Underwriting Training : Calculating Income

Written By: Stacey Sprain

One of the hottest topic I have run across recently is the question of how to calculate income. I think I’ve had this specific question come up a half dozen times in the past two weeks alone. Thus, the topic for this week!

It’s been awhile, since, I last researched the topic to see what materials are out there so I dove in to see what I could find and am so glad I did! I found that Fannie Mae has some great tools available to help you learn about income calculating. Fannie Mae offers a wonderful 26 minute recorded web session that covers the topic of income calculation quite thoroughly.

You’ll find a link to the recorded presentation athttps://www.efanniemae.com/lc/ou/websem/index.jsp. It’s laid out very nicely and you can click on the actual topic of question to hear exclusively about that individual topic rather than have to listen to the entire presentation if you are looking for a quick answer to a question about say, overtime income calculations for example.

Fannie Mae also offers a very informative and well presented 53 minute recording on calculating self-employment income. I found this to be the best I have personally ever heard so I highly recommend listening in on it. Newbie and seasoned processors alike can benefit from this training session. What I find that will prove most helpful to processors is the instructions for completing form 1084 as well as the actual Form 1084 Job Aid which reflects exactly what line to look at on the tax returns to fill in each blank on the worksheet. That tool is priceless!

A piece of important advice, I can offer to processors is to create and utilize a standard income calculation worksheet that you use and submit to underwriting with each and every file. It will serve as a means of consistently communicating to the underwriter where your qualifying income figures were derived. It also helps anyone who has to cover for you in your absence. By consistently using a worksheet, a person filling in for you can easily see how you calculated income on every loan file in case any questions arise while you are out.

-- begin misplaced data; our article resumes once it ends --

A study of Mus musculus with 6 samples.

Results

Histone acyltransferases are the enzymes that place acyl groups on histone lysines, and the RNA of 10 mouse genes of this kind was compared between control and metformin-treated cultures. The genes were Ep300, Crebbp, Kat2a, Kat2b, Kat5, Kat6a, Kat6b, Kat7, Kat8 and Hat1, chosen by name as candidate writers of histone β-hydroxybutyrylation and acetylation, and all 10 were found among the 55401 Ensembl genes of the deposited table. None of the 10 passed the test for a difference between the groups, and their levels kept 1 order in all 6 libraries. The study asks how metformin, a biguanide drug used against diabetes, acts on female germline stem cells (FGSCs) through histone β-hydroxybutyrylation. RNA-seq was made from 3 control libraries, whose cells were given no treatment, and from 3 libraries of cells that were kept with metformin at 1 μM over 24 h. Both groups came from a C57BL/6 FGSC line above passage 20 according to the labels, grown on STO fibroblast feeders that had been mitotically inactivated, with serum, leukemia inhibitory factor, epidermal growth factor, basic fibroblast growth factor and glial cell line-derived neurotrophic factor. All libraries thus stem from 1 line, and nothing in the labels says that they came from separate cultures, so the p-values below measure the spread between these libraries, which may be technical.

The worksheet doesn’t need to be overly fancy or complicated- just a simple format will do. The worksheet simply needs to communicate the basic income calculations for the various earnings types. Note that the example below will not serve all situations as there will be other income types to consider under some circumstances, but this example will work for basic income structures. Refer to the example below.


Borrower: Employer:

Start Date: Position:

___ Borrower is an Hourly Wage Earner

Hourly rate of pay = $______ x _____ hours per week x 52 weeks divided by 12 months

= $_____________ qualifying income

___ Borrower is Weekly Salaried

Weekly salary rate $________ x 52 weeks divided by 12 months

= $_____________ qualifying income

___ Borrower is Bi-Weekly Salaried (paid every other week or 26 pay periods per year)

Bi-weekly salary rate $______ x 26 pay periods divided by 12 months

= $_____________ qualifying income

___ Borrower is semi-monthly salaried (paid twice monthly such as on the 1st and 15th
or 15th and last day of the month or 24 pay periods per year)

Semi-monthly salary rate $_______ x 24 pay periods divided by 12 months

= $_____________ qualifying income

___ Borrower is Monthly Salaried (paid once per month)
= $_____________ qualifying income

For self-employed borrowers, it’s always best to refer to FNMA Form 1084. You should complete Form 1084 and include the completed worksheet with your underwriting submission as it will serve as communication to the underwriter or where the income is derived.

It’s important to always pay close attention to the borrower’s paystubs as on occasion they will display undisclosed expense deductions for child support obligations and in come cases, repayment deductions for wage garnishments resulting from judgments and liens. Also, beware of professions that involve job titles for sales positions and driver positions as often these positions involve business expenses which may or may not be reimbursed by the employer and may or may not appear on schedule A of a borrower’s tax returns as a tax write off.


Stacey Sprain - As an NAMP® staff writer, Ms. Stacey Sprain is currently a NAMP® member in good standing, and is a NAMP® Certified Ambassador Loan Processor (NAMP®-CALP). With over 15+ years of mortgage banking experience, Stacey is also a Quality Control Manager for a major mortgage lending institution. If you would like to become a volunteer writer for us, please email us at: contact@mortgageprocessor.org.


Opinion-Editorial (Op-Ed) Disclaimer For NAMP® Library Articles: The views and opinions expressed in the NAMP® Library articles are those of the authors and do not necessarily reflect any official NAMP® policy or position. Examples of analysis performed within this article are only examples. They should not be utilized in real-world application as they are based only on very limited and dated open source information. Assumptions made within the analysis are not reflective of the position of NAMP®. Nothing contained in this article should be considered legal advice.